Was this email forwarded to you? Sign up here. (Today's Smart Brevity: 1,095 words, ~ 4 minutes.)
Illustration: Lazaro Gamio/Axios
The announcement Wednesday of Kristalina Georgieva as IMF managing director cements a clear changing of the guard at the world's most important economic institutions.
Why it matters: "Economists tend to have a certain view of how the economy works," Mark Zandi, chief economist at Moody's Analytics, tells Axios. "It’s more difficult to move monetary policy in a significant way because economists have a set framework of how they think about things."
Georgieva is a well-respected economist with significant experience, but the first ever IMF managing director from an emerging country is a night-and-day change from outgoing director Lagarde and the prototypical leaders of the fund.
Our thought bubble, per Axios' chief financial correspondent Felix Salmon: "Georgieva was also born in post-war Bulgaria, grew up behind the Iron Curtain, and was European Commissioner for Humanitarian Aid and Crisis Management. She’s very different from the French financial technocrats we’re used to."
The intrigue: The economic world's new leaders arrive as politicians like U.S. real estate mogul and reality TV star Donald Trump, Ukrainian comedian Volodymyr Zelensky and formerly fringe politicians like Mexico's Andrés Manuel López Obrador and Brazil's Jair Bolsonaro have become leaders of some of the world's most important democracies.
The bottom line: These atypical appointees are taking over the world's top institutions at a time of unprecedented global uncertainty and change.
It's still early days in a possible impeachment process, but "it would be complacent to think that the impeachment process just adds another ring to the circus," cross-asset strategists at JPMorgan warn in a note to clients.
What they're saying: They point out 4 important variables about the expected impeachment drama in Washington...
Be smart: Analysts at BMO Capital Markets point out that the Fed was "in the midst of a 75 bp fine-tuning series of rate cuts" during former President Bill Clinton's impeachment scandal and "should probably get more credit for the positive growth sentiment than the risk of a presidential ousting."
Despite tens of billions of dollars of cash infusions every day for more than a week, things are getting worse, not better, in the systemically important repo market that banks use to access cash.
Why it matters: The dysfunctional market signals "that something’s very wrong with the financial system," former Minneapolis Fed president Narayana Kocherlakota wrote in an op-ed for Bloomberg.
What's happening: The market is designed to operate so that banks with collateral like U.S. Treasury bonds can quickly trade those for cash, but a decreasing level of liquidity has banks "scraping the bottom" and relying on the Fed's infusions to conduct everyday business, strategists tell Axios.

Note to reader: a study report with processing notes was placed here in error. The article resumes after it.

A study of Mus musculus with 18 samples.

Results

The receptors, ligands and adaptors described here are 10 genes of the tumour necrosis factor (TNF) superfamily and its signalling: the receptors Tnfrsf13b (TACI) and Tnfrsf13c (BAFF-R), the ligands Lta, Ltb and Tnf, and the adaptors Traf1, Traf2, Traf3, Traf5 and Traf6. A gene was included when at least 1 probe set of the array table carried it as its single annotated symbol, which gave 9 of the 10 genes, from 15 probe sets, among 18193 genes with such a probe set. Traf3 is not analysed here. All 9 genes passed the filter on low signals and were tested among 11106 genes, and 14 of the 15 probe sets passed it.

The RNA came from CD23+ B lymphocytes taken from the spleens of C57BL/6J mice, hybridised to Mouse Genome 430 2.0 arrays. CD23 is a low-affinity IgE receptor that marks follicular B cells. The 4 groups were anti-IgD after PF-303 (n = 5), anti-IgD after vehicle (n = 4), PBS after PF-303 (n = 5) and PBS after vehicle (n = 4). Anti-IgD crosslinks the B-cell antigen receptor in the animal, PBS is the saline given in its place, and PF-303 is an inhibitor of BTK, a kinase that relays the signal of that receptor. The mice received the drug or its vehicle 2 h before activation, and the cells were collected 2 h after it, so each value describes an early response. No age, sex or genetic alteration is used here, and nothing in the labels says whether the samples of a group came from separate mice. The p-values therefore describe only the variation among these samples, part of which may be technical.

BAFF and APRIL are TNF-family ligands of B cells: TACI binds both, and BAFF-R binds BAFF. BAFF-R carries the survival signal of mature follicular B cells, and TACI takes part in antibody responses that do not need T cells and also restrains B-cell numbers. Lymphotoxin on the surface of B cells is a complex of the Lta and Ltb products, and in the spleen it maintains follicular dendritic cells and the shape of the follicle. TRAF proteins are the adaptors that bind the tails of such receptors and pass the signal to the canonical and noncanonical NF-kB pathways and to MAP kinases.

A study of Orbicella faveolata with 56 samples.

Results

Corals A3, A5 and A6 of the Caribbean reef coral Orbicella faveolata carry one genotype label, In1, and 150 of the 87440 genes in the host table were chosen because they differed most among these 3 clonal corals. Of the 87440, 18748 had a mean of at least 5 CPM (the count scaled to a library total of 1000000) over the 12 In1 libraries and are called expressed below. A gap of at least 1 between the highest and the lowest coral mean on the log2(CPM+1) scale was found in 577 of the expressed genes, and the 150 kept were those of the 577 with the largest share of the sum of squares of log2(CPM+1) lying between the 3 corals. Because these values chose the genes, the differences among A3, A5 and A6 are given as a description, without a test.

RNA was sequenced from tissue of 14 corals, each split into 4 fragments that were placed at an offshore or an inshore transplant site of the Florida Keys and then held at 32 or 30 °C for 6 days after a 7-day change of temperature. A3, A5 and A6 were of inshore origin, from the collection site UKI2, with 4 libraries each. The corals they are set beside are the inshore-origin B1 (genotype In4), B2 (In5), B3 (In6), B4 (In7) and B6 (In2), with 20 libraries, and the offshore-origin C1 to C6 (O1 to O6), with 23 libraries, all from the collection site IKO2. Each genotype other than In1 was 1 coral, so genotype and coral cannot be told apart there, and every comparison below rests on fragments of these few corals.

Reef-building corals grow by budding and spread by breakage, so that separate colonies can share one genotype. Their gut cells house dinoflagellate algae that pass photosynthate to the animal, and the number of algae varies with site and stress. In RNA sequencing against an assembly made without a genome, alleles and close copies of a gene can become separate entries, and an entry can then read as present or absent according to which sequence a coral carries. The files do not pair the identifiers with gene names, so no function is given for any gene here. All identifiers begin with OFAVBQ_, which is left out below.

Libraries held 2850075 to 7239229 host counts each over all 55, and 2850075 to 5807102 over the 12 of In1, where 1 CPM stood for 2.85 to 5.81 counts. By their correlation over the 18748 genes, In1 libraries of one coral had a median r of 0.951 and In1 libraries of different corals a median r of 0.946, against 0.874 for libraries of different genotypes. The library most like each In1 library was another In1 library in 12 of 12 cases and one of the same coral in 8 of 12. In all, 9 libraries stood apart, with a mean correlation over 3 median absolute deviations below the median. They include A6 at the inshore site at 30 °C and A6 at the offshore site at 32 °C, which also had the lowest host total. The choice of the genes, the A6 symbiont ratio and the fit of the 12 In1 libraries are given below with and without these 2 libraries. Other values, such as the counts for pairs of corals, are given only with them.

What we're hearing: "Nobody knows right now whether this will blow over or not," Danielle DiMartino Booth, CEO of Quill Intelligence and a former adviser to the Dallas Fed, tells Axios.
Threat level: The injections are prompting suspicion the Fed is instituting a clandestine new phase of quantitative easing to boost asset prices and help stimulate the economy, but that's not the case, according to market strategists.
The big picture: The unexpectedly large budget deficits of the Trump administration, combined with the Fed's attempt to unwind its previously $5 trillion balance sheet, have caused a backup in the market. The Fed is now having to supply cash to fix the plumbing in a process that looks eerily similar to QE.
The bottom line: "What the Fed is trying to do is make sure we don’t have episodes like this in the future," said Ian Lyngen, the head U.S. rates strategist at BMO Capital Markets, a primary dealer that does business directly with the Fed.
While everyone was laser-focused on the Affordable Care Act for the past decade, the backbone of the American health care system was gradually deteriorating, Axios' Caitlin Owens and Bob Herman write.
Between the lines: Employer insurance has become increasingly unaffordable over the last decade, contributing to today's political debates over surprise medical bills, drug prices and Medicare for All.
Driving the news: The average cost of family health insurance offered by companies climbed 5% this year, exceeding $20,000 for the first time, according to the newest annual survey of employer health benefits from the Kaiser Family Foundation.
The intrigue: Workers aren't just paying more in monthly premiums. Employers continue to raise the average deductibles, which means more workers are paying for more of their care out of pocket later into the year.